Is this the best it can be? is a new toolkit that can be used by anyone delivering arts and creative learning through collaborative or participatory projects and programmes.
I remember quite well a major national disciplinary group’s annual conference in Birmingham that I attended some time ago now.
Keeping track of digital content, deciding what to read. listen to and watch can be daunting.
In the music industry radio and the music press used to be how peoples listening and buying decisions would be influenced. Helping people to navigate genres, styles, fads, the niche and eccentric.
However, today radio and the printed word are no longer preeminent. With youtube being the biggest music discovery platform and the hype machine being the 'have to go to' music blog review site how can people get heard above the crowd?
A big part of my job is running training sessions about lesbian, gay, bisexual and transgender (LGBT) identities for staff who work in older peoples’ services.
Art projects do not normally seek ethical clearance – but when should they?
Reconstructing Ourselves is an Arts Research project with patients and staff in complex breast reconstruction at Morriston Hospital in Swansea, Wales. I wrote my first creative bite just as we were starting and we are now one year on and six months left to run. See the invite to the symposium and exhibition and more information at: www.reconstructingourselves.com
The Art of Talking
How does facilitating discussions about paintings by Van Gogh & Picasso open up amazing conversations between people with dementia living in care homes? In The Art of Talking, Rachel Mortimer shows how her social enterprise Engage & Create ignites people's minds, engages their interest, and creates wonderful connections.
I’ve been talking a lot about failure recently. We know that risk and failure are central components of innovation. Indeed, it’s been claimed that “success can breed failure by hindering learning at both the individual and the organisational level” (Gino and Pisano, 2011).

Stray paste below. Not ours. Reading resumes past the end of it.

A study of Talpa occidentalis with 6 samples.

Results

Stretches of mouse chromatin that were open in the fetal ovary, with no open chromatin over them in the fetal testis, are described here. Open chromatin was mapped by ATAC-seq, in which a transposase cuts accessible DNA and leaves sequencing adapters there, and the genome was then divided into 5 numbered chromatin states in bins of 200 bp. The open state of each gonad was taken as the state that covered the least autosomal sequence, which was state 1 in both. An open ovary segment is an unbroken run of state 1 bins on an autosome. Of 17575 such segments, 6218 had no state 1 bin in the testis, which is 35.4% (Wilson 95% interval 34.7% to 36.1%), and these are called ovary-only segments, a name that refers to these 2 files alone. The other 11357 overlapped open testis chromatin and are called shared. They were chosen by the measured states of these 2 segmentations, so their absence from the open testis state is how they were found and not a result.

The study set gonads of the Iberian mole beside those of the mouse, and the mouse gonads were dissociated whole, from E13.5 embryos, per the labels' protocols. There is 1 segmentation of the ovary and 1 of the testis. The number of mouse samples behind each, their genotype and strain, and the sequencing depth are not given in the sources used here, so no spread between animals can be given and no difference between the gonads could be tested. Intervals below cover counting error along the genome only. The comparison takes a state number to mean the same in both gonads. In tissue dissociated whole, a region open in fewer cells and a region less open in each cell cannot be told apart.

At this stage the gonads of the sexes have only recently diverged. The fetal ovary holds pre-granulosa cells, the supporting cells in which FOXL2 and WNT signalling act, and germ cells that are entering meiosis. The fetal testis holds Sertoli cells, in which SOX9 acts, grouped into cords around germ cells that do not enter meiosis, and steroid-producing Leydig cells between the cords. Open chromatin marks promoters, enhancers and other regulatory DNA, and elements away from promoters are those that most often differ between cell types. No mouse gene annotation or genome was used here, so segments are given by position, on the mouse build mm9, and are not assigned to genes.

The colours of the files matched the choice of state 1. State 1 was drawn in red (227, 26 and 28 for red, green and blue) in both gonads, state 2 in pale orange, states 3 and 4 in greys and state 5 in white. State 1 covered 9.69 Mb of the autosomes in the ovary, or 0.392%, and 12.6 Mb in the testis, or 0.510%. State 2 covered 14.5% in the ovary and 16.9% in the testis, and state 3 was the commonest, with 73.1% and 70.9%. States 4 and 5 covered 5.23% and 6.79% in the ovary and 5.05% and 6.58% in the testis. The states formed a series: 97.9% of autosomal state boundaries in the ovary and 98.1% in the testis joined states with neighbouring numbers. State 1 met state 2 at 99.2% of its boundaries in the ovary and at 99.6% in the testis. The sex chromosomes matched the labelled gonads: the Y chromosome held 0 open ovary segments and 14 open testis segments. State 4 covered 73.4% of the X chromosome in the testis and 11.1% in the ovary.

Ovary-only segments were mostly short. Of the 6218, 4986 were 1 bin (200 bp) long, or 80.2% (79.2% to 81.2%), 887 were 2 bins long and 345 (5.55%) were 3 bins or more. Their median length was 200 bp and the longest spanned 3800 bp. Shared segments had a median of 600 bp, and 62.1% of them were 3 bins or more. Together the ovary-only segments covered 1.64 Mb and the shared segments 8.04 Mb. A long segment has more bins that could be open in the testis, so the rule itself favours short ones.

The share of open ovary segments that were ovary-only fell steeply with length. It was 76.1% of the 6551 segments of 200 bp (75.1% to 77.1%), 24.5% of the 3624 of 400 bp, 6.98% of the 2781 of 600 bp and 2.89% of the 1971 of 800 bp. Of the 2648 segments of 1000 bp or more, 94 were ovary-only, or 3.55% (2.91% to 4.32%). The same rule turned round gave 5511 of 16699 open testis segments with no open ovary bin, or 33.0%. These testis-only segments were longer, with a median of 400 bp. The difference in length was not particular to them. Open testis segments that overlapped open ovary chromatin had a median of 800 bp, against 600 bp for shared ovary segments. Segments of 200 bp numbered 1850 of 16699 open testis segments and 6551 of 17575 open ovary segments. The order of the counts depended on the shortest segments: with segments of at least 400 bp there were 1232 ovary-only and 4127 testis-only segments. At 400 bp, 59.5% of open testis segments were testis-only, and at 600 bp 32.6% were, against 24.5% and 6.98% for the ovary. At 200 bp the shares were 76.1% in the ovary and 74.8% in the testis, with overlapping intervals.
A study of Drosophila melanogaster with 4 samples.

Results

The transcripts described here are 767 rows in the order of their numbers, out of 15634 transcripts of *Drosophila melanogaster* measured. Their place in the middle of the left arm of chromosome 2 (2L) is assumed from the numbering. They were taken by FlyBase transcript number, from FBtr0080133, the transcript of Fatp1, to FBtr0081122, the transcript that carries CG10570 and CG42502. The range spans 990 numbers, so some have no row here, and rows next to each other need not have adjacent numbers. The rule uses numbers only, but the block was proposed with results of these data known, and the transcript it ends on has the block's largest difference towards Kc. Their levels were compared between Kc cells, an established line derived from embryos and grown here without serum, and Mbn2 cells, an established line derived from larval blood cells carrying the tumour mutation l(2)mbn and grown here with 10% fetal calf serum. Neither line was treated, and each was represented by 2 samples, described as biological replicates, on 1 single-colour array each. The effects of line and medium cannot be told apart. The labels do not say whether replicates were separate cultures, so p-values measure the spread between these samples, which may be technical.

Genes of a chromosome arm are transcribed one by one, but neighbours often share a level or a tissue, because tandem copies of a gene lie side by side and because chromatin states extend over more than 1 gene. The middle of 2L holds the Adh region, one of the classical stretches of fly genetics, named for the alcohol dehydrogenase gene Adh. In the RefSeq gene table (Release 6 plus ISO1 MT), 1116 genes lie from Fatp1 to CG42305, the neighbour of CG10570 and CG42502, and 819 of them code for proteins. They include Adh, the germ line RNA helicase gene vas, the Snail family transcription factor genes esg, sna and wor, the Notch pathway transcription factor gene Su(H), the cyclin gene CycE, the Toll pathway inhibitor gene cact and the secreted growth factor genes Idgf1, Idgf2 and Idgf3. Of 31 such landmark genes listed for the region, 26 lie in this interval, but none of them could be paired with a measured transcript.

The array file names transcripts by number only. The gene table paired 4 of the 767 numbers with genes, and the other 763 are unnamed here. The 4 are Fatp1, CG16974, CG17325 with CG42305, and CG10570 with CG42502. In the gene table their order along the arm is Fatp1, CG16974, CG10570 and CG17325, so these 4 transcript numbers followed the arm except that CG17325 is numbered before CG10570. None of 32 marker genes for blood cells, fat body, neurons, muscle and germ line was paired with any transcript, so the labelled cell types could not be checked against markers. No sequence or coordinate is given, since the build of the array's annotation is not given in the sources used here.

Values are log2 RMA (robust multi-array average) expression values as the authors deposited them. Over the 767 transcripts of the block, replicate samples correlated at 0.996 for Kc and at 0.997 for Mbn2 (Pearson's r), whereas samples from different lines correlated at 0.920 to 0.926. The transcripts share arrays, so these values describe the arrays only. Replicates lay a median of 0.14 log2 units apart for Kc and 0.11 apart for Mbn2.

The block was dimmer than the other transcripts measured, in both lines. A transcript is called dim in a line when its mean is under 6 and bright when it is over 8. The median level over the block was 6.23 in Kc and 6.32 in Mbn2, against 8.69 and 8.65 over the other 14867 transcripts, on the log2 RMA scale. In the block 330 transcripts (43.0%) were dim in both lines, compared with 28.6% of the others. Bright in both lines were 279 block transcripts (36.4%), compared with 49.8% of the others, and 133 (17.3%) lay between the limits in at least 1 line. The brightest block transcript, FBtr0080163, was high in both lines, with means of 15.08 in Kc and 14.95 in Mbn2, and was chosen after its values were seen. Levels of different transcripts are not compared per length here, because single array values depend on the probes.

So, I’ve been telling anyone who’ll listen that we need to share our experiences of failure as well as our success stories.
It isn’t easy though, is it? Particularly in the public sector. Failure is news. It generates controversy, particularly about who was responsible.
It is some time since I blogged here – apologies to anyone who missed me and apologies, also, to anyone who would have been happy for me to stay away!
This time around is all about stories and gifts. The first story is that of the Creative Conversations that I have been working on for 3 years with Edinburgh Council and the wonderful Linda Lees, who has been the driving force behind them.
I recently attend two courses at the School of Life. One was called ‘How to communicate better at work’ and the other ‘How to have better conversations’. Both classes were pretty theoretical (as the School of Life has arisen from making people aware of the philosophies we do or do not engage with in our lives). However, one key point I drew from each class was that good questions are key when communicating.
I work for LGBT Health and Wellbeing, supporting services working with older people to become more inclusive of lesbian, gay, bisexual and transgender (LGBT) people. This is a valuable opportunity to affect change – and I want it to be the change that older LGBT people actually want to see!